Arc Flash

arc labelarc flash dangers

There are three studies that will have to be performed to get your company into compliance with the new arc flash signage laws. These requirements are stated in the National Electrical Code Book Art.110 on “Requirements For Electrical Installations.” In article 110.16 under the paragraph on flash protection it states that electrical gear should be marked to protect the maintenance personnel and others from the dangers of arc flash hazard. However, how it is marked falls back to the standards in NFPA 70E. OSHA governs this process.

An arc flash is a phenomenon that occurs when air becomes ionized and electricity leaves its intended path – travels through the air creating a fireball of energy. (Please view “YouTube” videos on arc flash.) When an arc flash occurs and injures someone the owner/manager of the property is liable if these labels are not in place.

OSHA also requires that personnel be properly dressed for their tasks. By placing these labels on the equipment, personnel would be warned and the liability for the company will be reduced as well as avoid costly OSHA non-compliance penalties. This is one benefit from getting the study done.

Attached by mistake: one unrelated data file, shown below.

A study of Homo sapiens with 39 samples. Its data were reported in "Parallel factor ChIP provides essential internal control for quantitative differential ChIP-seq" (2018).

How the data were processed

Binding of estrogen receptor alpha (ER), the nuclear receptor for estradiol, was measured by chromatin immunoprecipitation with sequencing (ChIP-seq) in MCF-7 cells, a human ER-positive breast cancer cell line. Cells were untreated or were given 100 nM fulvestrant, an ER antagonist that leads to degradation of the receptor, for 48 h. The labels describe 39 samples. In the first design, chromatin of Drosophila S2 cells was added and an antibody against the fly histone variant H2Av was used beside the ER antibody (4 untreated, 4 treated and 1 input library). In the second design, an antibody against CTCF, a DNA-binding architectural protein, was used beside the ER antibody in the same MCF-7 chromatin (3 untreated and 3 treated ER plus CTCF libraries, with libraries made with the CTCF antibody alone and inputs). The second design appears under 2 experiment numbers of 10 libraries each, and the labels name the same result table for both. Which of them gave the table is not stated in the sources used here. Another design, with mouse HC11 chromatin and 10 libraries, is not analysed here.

The second is that the application of your electrical gear will be verified properly for the amount of energy for which it is being employed. Thirdly, the gear will be verified to coordinate with its counterparts up and downstream. So that when something goes wrong, for instance a motor shorts out, it will not turn off your entire plant. Only the circuit breaker immediately up stream of the short circuit will be effected.

In order to make these warning labels, first your electrical system will be mapped out—lengths of wire, breaker types and sizes, motor sizes, etc. The resulting information will be used to conduct a short circuit study that will tell the engineer how much energy is available at any point on the system. Thereafter, a coordination study will be conducted to determine if the circuit breakers, fuses, and the system ground are sufficient. If the location they are currently installed in is not right they will have to be replaced. There will be an additional charge to remove and install the right parts and adjust any breakers appropriately. Afterwards, the arc flash labels will be installed on the switchgear.

At the end, the customer will be given a full report and a riser diagram outlining the short circuit values in their system, as well as a safer system with less liability.